Environmentalists pledge to fight back against Trump orders to greenlight the controversial projects.
Environmentalists and social justice advocates scored long-shot victories during the Obama years when they successfully pressured the administration to block construction of the Keystone XL and Dakota Access pipelines. But it turns out those victories may be short-lived.
On Tuesday, President Donald Trump signed a series of executive orders and presidential memeorandums to move along the two projects. The White House did not immediately release the text of the orders, leaving many of the details unclear.
According to NPR, one of the executive orders is to expedite environmental review for "high-priority infrastructure projects." Trump told reporters, "We are going to renegotiate some of the terms" of the Keystone XL project, such as requiring that the steel be made in the United States. The Dakota Access pipeline will be "subject to terms and conditions negotiated by us," Trump said. Trump framed the move as a boost for American jobs.
Much remains unclear about what what exactly the new orders will mean for the Dakota Access Pipeline—which sparked controversy in large part because it was slated to cross Lake Oahe near land owned by Standing Rock Sioux Tribe—and Keystone, which would have required a federal permit to cross the US-Canadian border and transport tar sands crude oil to the Gulf Coast.
EarthJustice, the group that has represented the Standing Rock Sioux Tribe, is planning to file a new lawsuit challenging the Dakota Access Pipeline once it sees the text of the executive order. In December, the Army Corps of Civil Engineers rejected an easement for pipeline owner Energy Transfer Partners, citing a need to study the full environmental impacts on the tribe and water quality.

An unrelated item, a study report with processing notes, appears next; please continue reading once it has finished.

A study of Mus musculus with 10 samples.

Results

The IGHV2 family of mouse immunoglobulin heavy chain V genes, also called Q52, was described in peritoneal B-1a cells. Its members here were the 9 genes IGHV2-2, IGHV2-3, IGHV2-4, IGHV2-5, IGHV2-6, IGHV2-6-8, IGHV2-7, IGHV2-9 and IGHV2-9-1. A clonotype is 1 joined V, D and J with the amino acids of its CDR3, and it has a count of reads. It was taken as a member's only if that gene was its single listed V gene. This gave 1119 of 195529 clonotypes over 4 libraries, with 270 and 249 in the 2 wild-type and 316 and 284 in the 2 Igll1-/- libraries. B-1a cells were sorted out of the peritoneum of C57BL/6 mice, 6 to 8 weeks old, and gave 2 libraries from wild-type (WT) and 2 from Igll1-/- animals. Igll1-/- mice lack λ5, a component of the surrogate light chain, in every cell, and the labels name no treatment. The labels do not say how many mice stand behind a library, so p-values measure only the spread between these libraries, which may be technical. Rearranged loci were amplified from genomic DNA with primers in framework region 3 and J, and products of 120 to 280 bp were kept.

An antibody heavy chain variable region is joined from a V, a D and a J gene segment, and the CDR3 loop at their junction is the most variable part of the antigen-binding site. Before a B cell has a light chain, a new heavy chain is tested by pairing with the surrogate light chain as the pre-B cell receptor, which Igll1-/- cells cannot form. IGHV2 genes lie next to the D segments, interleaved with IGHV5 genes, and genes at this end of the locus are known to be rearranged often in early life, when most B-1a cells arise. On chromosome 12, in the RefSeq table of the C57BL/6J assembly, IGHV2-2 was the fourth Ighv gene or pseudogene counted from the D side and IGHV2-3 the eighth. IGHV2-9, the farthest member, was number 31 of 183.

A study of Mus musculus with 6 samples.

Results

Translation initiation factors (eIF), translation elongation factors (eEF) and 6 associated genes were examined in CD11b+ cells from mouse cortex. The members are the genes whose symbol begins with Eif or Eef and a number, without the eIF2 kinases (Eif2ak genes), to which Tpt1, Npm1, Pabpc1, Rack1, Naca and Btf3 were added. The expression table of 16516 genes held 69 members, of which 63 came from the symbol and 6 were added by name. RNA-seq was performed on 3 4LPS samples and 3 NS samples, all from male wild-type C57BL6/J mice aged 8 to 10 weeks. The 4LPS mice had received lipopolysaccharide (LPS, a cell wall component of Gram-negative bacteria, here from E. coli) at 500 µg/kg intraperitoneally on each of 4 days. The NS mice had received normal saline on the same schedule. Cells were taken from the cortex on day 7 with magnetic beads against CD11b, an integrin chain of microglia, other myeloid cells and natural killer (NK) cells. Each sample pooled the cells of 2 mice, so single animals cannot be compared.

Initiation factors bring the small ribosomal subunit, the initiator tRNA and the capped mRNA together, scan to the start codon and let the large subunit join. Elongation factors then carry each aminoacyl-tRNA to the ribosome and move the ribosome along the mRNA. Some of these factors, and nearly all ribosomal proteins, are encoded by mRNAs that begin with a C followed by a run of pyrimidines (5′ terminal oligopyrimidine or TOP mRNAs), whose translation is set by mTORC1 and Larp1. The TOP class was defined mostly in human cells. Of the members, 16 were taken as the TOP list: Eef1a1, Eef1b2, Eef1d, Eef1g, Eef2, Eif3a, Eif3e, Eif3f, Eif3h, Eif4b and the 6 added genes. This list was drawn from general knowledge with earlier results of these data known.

"President Trump appears to be ignoring the law, public sentiment and ethical considerations with this executive order aimed at resurrecting the long-rejected Keystone XL pipeline and circumventing the ongoing environmental review process for the highly controversial Dakota Access Pipeline," said EarthJustice President Trip Van Noppen. "This move is legally questionable, at best."
Presumably the next step for the 1,179-mile Keystone XL will be for pipeline operator TransCanada to resubmit its application to the new administration. There are two ways Trump could greenlight Keystone from there. He can eliminate the need for a National Interest Determination, which would involve the State Department collecting reviews from multiple federal agencies about whether the project is in the national interest. (The Obama administration previously declared that the project did not serve the national interest.) Or he and his Secretary of State could simply reverse the Obama administration's ruling and declare that building the pipeline is indeed in the national interest.
Though Trump is clearly hoping for construction to being quickly, environmentalists are already making plans drag the process out. Jane Kleeb, who runs the Bold Alliance and opposes Keystone, noted that TransCanada doesn't yet have the land it needs to complete the pipeline. "We are headed to the courts to challenge the right to use eminent domain," Kleeb said.